You might think that all the innovative design work in commercial aviation takes place in the expansive, spacious widebody arena, with twenty-feet-wide cabins, suites galore, two decks of possibilities, and space for designers to truly express their — and their client’s — aesthetics.
But flydubai is aiming to change that with its new Boeing 737 MAX 8, featuring Thompson Vantage flatbeds in business class and fully featured Recaro CL3710 seats in economy, as John Tighe, design director at JPA Design, tells Runway Girl Network.
As a pathfinder in the world of long-haul narrowbodies, with flydubai flights from Dubai to Prague (six hours, fifty minutes) and Bangkok (six hours, twenty minutes), the 737 MAX 8 flies alongside Emirates’ Airbus A380s in regular service.
So it needs to stand out.
For an airline like flydubai with ambitions to signal value and quality in addition to low prices, developing new proper longhaul cabins is key.
“The introduction of lie-flat business seating in a narrowbody exemplifies the capabilities of these aircraft,” Tighe says. “JPA and flydubai extended the PaxEx proposition beyond the products, curating lighting scenarios and upgrading all the serviceware and soft-goods – tasks previously reserved solely for the long-haul flagship aircraft.”
The Boeing Sky Interior inside the 737 MAX, says Tighe, is “a fresh modern interior space, and works best with seats and interiors designed with the same mind-set. The overhead bins offer loads of space which helps keep the underseat area free for foot space where possible.”
While Flydubai has nearly five dozen 737-800 aircraft, JPA wasn’t involved with the previous generation of cabin interiors. However, Tighe confirms that for the new MAX cabins JPA “checked they aligned” with the existing fleet, although the new cabin was indeed entirely new. “In reality there is nothing carried over from other similar aircraft.”
That poses some problems for designers.
The shape of the aircraft, particularly at the proverbial and literal pointy end, is also a challenge, but one that a staggered layout like the Vantage is well equipped to meet. “The biggest challenge for us and for the seat vendor, Thompson Aero, is the tapered section of the aircraft, and the positioning of the seat tracks, which also taper on the 737. This required additional testing,” Tighe notes.
When compared with a Vantage installation on an A330 or 787, Tighe says, “much of the detail is different, but the end result is a user experience which is similar. More and more airlines are seeing the light – a narrowbody experience can be, and arguably should be, as good as a widebody experience.”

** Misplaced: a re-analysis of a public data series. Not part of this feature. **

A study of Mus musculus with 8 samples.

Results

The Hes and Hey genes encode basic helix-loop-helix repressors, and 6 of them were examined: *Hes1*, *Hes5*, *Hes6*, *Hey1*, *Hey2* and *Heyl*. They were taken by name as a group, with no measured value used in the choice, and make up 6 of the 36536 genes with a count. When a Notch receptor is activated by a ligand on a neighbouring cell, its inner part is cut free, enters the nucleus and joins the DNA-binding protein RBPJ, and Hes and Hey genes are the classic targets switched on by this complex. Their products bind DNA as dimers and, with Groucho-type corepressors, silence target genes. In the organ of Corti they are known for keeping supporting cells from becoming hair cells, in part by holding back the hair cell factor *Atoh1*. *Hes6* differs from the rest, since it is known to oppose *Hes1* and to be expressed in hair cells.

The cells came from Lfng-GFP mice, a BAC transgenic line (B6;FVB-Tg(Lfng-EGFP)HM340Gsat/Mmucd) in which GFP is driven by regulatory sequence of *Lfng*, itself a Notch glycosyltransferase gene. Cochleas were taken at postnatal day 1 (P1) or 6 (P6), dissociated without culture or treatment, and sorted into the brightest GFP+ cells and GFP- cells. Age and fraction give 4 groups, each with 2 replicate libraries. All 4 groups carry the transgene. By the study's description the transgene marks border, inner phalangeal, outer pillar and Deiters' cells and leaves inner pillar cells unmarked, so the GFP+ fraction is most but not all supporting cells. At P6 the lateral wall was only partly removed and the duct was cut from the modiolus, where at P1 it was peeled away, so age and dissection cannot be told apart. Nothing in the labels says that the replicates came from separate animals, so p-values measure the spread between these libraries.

JPA can build on existing work with widebodies, but Tighe highlights that each aircraft has its own challenges to overcome and its own environment to design, with each requiring details that are often different.
When it comes to the details, Tighe praises a positive working relationship with Thompson and the airline as part of the product’s success, citing the example of the front row of monitors in the rear cabin as an example.
“Usually the IFE monitors, literature pockets and such details are just bolted onto the bulkhead, which looks quite messy and is difficult to clean,” Tighe explains. “Flydubai has a neatly integrated solution which is far more pleasing to the eye, and easier to maintain.” Zodiac’s RAVE IFE hardware was selected.
Delving into the details, Tighe highlights that the fully featured seats chosen by Flydubai give designers a much wider canvas than more basic models, enabling choices around the colour material finish schemes, fabric, additional areas of customisation, and passenger facing features like the literature pocket.
Further forwards, RGN asked Tighe whether there was a ‘natural’ number of business class seats, defined by the location of the two overwing exits, as there is on many widebody aircraft between doors 1 and 2. “Not so much on the 737, but with the staggered type layouts, it makes sense to have 3 rows or more to take advantage of the overlapping nature of the layout,” Tighe muses. “For each aircraft, particularly widebodies, there are certain LOPA (layouts of passenger accommodations) which work best, but there are so many variables that it’s a big job to select the right balance.”
And that balance is crucial. For passengers familiar with the airline — and that number will grow as the range profile of the 737 MAX 8 is applied to flydubai’s network ambitions — “it’s unmistakably flydubai, and is on-brand without falling into the common trap of being too rigidly driven by the brand guidelines,” Tighe says.
“Flydubai and JPA both believe that a space in which you’re spending several hours needs to have depth and warmth, and that requires flexibility with the colours & materials,” Tighe highlights. “Other airlines apply their brand into the cabin as if it was a check-in station, which results in an unsubtle user experience. No one wants to travel within a flying advert!”
Flying advert it is not: rather, an elegant, groundbreaking pair of cabins with an impressive set of options, often at a price point that will enable this narrowbody carrier to punch well above its weight when attracting passengers.